Police said Slater dropped several f-bombs on a JetBlue flight's loud speaker, grabbed two beers, deployed the plane's emergency slide, and then took off. Police were notified about 25 minutes later and Slater was eventually arrested at his home.
Steven Slater (Personal Photo)

NEW YORK (CBS/AP) Steven Slater, the former JetBlue flight attendant who threw one of the most infamous hissy fits ever when he allegedly cursed out a passenger before sliding down the plane's emergency exit chute with a beer, is exploring a possible plea deal to avoid jail time for his antics.

PICTURES: Steven Slater, JetBlue Flight Attendant

Slater will undergo a mental health evaluation that may qualify him for an alternative sentencing program, meaning he could evade jail time altogether in exchange for community service, according to CBS affiliate WCBS.

However, prosecutors aren't making any promises just yet, and the incident could still land Slater with a criminal record.

The once vocal Slater was tight-lipped during his 5-minute court appearance in Queens, N.Y. Tuesday on criminal mischief, reckless endangerment and trespassing charges stemming from last month's meltdown aboard a JetBlue Airways Corp. flight from Pittsburgh that had just landed at John F. Kennedy International Airport.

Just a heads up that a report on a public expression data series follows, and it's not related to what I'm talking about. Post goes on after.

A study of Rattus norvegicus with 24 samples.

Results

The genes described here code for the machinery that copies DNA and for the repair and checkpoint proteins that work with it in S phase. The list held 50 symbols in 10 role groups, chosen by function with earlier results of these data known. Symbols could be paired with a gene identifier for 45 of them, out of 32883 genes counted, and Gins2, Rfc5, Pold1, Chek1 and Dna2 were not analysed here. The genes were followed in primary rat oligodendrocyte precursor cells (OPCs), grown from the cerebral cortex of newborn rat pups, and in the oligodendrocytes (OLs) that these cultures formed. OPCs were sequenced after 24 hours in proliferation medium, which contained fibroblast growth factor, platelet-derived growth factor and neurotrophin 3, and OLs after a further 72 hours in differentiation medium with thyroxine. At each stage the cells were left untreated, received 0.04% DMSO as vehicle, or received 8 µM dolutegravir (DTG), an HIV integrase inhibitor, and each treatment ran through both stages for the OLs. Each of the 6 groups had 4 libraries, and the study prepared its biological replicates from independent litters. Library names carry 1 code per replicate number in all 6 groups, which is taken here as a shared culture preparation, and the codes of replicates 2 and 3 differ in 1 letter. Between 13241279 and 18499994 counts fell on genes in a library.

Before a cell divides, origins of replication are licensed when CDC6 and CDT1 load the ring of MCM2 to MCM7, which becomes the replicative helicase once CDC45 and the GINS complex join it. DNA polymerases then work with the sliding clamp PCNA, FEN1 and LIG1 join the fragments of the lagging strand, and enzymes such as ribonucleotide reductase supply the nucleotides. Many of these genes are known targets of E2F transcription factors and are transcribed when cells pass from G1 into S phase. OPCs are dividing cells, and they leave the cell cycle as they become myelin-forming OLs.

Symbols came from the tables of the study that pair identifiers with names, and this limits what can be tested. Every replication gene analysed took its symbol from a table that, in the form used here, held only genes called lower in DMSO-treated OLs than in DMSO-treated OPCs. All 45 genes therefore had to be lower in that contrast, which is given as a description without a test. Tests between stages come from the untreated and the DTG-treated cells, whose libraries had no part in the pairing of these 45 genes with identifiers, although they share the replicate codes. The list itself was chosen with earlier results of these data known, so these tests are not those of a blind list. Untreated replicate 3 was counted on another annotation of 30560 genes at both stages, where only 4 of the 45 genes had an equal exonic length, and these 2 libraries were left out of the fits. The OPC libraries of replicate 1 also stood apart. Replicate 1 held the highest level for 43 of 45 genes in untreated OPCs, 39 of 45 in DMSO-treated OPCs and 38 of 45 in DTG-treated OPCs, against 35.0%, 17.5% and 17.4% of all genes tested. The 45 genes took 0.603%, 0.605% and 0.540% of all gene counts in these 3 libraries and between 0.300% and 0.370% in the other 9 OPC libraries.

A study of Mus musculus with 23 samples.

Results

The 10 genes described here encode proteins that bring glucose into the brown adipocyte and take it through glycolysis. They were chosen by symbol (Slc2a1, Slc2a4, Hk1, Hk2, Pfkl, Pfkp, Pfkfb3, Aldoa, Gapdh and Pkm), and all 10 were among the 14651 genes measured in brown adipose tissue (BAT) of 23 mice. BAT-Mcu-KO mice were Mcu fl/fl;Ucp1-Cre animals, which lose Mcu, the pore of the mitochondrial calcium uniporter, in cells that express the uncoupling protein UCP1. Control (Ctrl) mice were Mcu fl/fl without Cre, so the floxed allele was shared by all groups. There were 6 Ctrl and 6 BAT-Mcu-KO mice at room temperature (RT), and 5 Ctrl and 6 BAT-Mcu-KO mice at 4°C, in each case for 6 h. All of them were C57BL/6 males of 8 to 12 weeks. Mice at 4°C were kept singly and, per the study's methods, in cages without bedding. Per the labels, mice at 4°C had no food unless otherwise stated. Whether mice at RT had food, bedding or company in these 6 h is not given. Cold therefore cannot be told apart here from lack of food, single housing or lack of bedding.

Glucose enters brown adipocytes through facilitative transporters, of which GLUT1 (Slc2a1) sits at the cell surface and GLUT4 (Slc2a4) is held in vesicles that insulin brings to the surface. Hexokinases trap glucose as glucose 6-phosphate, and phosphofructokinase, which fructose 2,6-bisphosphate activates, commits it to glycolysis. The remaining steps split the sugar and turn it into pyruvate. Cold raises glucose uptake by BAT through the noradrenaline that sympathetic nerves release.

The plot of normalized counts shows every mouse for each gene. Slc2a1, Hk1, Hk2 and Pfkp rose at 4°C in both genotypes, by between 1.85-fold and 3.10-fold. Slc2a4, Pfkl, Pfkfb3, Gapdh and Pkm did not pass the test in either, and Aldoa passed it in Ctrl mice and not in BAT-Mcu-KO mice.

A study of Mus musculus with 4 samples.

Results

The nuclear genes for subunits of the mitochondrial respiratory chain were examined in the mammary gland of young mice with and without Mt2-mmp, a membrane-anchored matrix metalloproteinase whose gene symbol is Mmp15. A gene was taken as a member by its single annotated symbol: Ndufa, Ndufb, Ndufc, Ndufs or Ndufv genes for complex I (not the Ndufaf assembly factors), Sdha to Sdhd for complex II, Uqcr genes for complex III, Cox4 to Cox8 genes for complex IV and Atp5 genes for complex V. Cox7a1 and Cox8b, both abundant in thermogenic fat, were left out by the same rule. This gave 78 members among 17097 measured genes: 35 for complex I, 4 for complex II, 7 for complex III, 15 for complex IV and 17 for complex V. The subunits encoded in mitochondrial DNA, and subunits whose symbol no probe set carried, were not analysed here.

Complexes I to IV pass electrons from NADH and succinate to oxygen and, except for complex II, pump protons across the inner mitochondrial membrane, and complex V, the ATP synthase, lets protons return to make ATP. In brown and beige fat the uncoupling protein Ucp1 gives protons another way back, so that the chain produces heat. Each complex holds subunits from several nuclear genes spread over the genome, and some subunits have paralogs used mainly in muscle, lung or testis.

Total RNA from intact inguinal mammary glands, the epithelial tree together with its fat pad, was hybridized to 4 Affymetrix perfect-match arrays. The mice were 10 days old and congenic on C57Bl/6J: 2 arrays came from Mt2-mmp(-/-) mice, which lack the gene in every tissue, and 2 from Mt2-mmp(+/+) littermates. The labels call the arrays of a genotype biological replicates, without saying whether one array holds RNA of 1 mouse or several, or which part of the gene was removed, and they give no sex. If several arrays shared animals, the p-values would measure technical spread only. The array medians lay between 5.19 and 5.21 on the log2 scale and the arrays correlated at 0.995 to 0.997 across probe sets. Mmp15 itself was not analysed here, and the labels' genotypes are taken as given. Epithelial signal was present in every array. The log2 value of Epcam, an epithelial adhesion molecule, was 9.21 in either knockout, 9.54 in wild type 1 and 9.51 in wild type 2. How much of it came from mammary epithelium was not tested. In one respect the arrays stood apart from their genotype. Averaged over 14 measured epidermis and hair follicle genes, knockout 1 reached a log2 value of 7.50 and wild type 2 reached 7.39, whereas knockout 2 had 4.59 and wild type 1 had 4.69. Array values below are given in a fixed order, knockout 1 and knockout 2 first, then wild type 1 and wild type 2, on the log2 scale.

According to prosecutors, Slater was working Aug. 9 when a tiff occurred between the flight attendant and a passenger. After landing at JFK International Airport, Slater allegedly used the public address system and cursed at the passenger who he claimed had treated him disrespectfully, grabbed a beer and made a getaway via an emergency exit chute.

Defense attorney Daniel J. Horwitz has said the passenger's "lack of civility" prompted Slater's behavior.

Queens District Attorney Richard A. Brown said if Slater is admitted for alternative sentencing, he could undergo a treatment program that will last weeks, but he said sentencing is contingent upon the outcome of Slater's evaluation and jail time is still a possibility.

After almost 20 years in the airline industry Slater resigned from JetBlue last week. He had been with the company for three years, and is uncertain of what he will do next.

"We hope to continue those discussions to favorably resolve this matter for Mr. Slater. He'd like to move on with his life," said Horwitz.

Slater is due back in court Oct. 19.